Women’s History Month and the Myth of the Female Writer

arrayI was inspired by a campaign launched this month by director Ava du Vernay regarding Women’s History Month and #ArrayToday, #ArrayNow and @ArrayToday and @ArrayNow to share my thoughts on how the history of the accomplishments of women have impacted my life and “career” as a female screenwriter.

I grew up in a family that felt marriage and motherhood were what every young woman should aspire to.   I didn’t know that women could be race car drivers, pilots, firefighters, doctors, or inventors.  I didn’t know that a woman in her fifties became one of the most respected criminologists of all time during the 1930’s, or that a black woman born and raised in the South moved to Paris to become a  pilot in the 1920’s.  I didn’t know about the Women’s Airforce Service Pilots, or the only known female stagecoach robber in American history, or the all girl bands in World War Two.  I didn’t know about Elizabeth Blackwell,  Hedy Lamar, Bessie Stringfield,  Jackie Cochran or countless other women  who forged a path through a male dominated world because they wanted the chance to live the life they chose.  Not the one they were expected to live because they were girls.

bessie_coleman_and_her_plane_1922

For the past thirty years, I have researched and written about the lives of remarkable women because I persist in believing that if young women today knew about the accomplishments of the women before them, they would start their lives with the same building blocks men take for granted.  Instead of being asked “Who are you wearing”, they should be asked, “What mountain have you climbed lately, what new app are you developing,” or “When is your new movie going to be out?”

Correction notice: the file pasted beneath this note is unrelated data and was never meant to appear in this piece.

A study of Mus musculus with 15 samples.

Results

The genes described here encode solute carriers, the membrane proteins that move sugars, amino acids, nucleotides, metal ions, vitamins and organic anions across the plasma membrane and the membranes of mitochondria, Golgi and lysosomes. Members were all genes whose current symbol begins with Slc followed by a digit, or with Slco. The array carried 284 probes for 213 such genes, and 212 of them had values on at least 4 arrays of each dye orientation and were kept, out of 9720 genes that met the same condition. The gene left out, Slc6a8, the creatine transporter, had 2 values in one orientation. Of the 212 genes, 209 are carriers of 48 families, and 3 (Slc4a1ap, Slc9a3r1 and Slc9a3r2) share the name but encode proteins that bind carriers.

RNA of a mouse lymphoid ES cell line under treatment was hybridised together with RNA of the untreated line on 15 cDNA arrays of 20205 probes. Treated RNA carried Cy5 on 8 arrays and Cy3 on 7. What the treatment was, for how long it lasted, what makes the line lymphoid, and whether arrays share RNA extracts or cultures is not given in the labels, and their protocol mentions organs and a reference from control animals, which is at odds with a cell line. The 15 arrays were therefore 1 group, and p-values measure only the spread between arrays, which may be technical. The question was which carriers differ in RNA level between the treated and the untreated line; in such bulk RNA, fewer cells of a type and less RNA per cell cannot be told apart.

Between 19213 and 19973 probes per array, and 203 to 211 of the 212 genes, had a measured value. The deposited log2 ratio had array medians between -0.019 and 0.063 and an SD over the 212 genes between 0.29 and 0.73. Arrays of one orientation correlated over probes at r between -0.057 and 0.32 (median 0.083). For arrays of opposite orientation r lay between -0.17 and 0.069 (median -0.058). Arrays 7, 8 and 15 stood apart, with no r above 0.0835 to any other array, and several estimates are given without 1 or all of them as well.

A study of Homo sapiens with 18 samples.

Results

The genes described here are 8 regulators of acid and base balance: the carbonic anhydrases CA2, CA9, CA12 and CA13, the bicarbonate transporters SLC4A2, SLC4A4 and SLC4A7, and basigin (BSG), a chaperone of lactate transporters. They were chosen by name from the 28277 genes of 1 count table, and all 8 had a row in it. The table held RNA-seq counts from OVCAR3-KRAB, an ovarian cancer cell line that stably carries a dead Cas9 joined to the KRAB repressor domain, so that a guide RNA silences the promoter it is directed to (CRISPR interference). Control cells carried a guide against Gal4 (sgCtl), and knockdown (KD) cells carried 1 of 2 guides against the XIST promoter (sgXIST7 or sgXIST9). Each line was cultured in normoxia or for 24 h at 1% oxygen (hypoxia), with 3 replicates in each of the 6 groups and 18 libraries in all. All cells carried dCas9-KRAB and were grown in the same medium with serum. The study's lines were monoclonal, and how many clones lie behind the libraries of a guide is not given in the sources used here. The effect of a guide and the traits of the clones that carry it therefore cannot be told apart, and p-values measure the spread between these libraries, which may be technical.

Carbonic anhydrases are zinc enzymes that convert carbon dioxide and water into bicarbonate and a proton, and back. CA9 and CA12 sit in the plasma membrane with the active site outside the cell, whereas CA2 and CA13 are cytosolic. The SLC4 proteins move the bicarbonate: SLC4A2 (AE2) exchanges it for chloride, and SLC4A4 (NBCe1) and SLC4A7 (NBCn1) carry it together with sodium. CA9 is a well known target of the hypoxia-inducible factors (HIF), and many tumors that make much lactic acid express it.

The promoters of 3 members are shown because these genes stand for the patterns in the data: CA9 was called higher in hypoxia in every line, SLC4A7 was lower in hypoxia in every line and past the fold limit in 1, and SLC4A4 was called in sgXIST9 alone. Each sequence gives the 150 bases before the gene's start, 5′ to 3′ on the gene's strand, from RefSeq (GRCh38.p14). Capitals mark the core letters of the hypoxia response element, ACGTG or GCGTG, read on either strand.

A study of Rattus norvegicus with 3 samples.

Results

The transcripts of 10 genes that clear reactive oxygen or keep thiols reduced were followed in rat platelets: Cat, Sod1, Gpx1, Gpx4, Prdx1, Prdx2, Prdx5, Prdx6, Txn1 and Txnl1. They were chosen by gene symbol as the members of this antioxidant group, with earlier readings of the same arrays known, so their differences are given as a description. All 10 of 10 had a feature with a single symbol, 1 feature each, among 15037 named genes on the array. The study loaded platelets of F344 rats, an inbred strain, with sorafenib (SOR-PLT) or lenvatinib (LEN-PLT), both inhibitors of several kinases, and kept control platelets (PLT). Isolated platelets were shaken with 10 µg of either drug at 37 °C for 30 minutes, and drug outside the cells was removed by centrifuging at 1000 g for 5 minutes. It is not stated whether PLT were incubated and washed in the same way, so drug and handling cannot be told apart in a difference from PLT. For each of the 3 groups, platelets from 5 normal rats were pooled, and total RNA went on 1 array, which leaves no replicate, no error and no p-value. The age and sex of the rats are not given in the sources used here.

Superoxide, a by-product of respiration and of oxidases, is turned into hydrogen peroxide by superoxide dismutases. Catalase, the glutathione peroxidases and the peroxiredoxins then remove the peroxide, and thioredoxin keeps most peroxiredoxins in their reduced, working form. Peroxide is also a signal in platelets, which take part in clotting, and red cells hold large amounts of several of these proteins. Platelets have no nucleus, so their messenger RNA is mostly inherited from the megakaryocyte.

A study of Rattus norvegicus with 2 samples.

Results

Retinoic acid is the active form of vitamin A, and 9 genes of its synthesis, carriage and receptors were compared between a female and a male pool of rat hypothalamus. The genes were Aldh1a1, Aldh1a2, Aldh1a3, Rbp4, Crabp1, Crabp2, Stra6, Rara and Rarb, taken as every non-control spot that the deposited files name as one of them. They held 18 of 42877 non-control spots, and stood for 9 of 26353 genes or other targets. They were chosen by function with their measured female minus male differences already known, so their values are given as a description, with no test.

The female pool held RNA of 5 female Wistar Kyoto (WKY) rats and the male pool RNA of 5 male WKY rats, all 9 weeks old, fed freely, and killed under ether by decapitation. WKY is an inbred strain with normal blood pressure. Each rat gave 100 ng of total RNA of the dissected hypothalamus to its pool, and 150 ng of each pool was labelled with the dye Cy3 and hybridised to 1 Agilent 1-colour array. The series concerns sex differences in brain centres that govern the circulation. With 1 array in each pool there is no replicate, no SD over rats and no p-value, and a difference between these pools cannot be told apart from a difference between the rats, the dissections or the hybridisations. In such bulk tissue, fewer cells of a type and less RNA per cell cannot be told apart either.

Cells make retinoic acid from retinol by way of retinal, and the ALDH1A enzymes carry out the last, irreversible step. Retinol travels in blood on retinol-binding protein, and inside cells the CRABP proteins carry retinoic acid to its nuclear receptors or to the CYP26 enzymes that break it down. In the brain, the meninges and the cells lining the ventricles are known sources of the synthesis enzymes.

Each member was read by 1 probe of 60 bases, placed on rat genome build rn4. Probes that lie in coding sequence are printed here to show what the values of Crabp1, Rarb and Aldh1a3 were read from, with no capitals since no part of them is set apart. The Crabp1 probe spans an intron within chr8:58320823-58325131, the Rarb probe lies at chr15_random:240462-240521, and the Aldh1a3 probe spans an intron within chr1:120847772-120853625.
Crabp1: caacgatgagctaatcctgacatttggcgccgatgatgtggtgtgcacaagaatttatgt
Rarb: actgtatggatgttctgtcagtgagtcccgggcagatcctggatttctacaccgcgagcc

reese

When people say there aren’t enough female writers or enough good roles for women. I want to cry.  Actually, sometimes I do.  I’ve been told the reason I still don’t have an agent or manager, why I have never sold a script, or why I haven’t been a writer for hire, is because I write about women.    Yet, in the past three years, I have been selected as an Athena List winner AND Finalist (in the same year), I won the screenwriting competition for the Atlanta Film Festival (2017), I was a finalist in both the Nashville Film Festival (2016) and Diverse Voices (2016), I placed ninth in the Emerging Screenwriters Contest (2016), was a semi-finalist for the American Zoetrope contest (2015), have placed in the top fifteen percent of the Nicholl Fellowships twice, won the Grand Prize (Shorts) for Table Read My Screenplay Austin (2015), was a Second Rounder for the Austin Film Festival (2015) and am currently a finalist for the Female Initiative sponsored by Seriesfest and Rose McGowan.


I still work in the RV business to put food on the table.

I hate the fact that its 2017 and we are still trying to convince Hollywood that we are here and we are not going away.    I am not going to stop writing about amazing women.  And  continue to hope that someday, when someone says, there are so many great women writers out there with such fascinating stories to tell, one of those female writers they will be talking about, is me.

So here’s an idea, Hollywood. Stop talking about the problem and start hiring women.  You can start right here.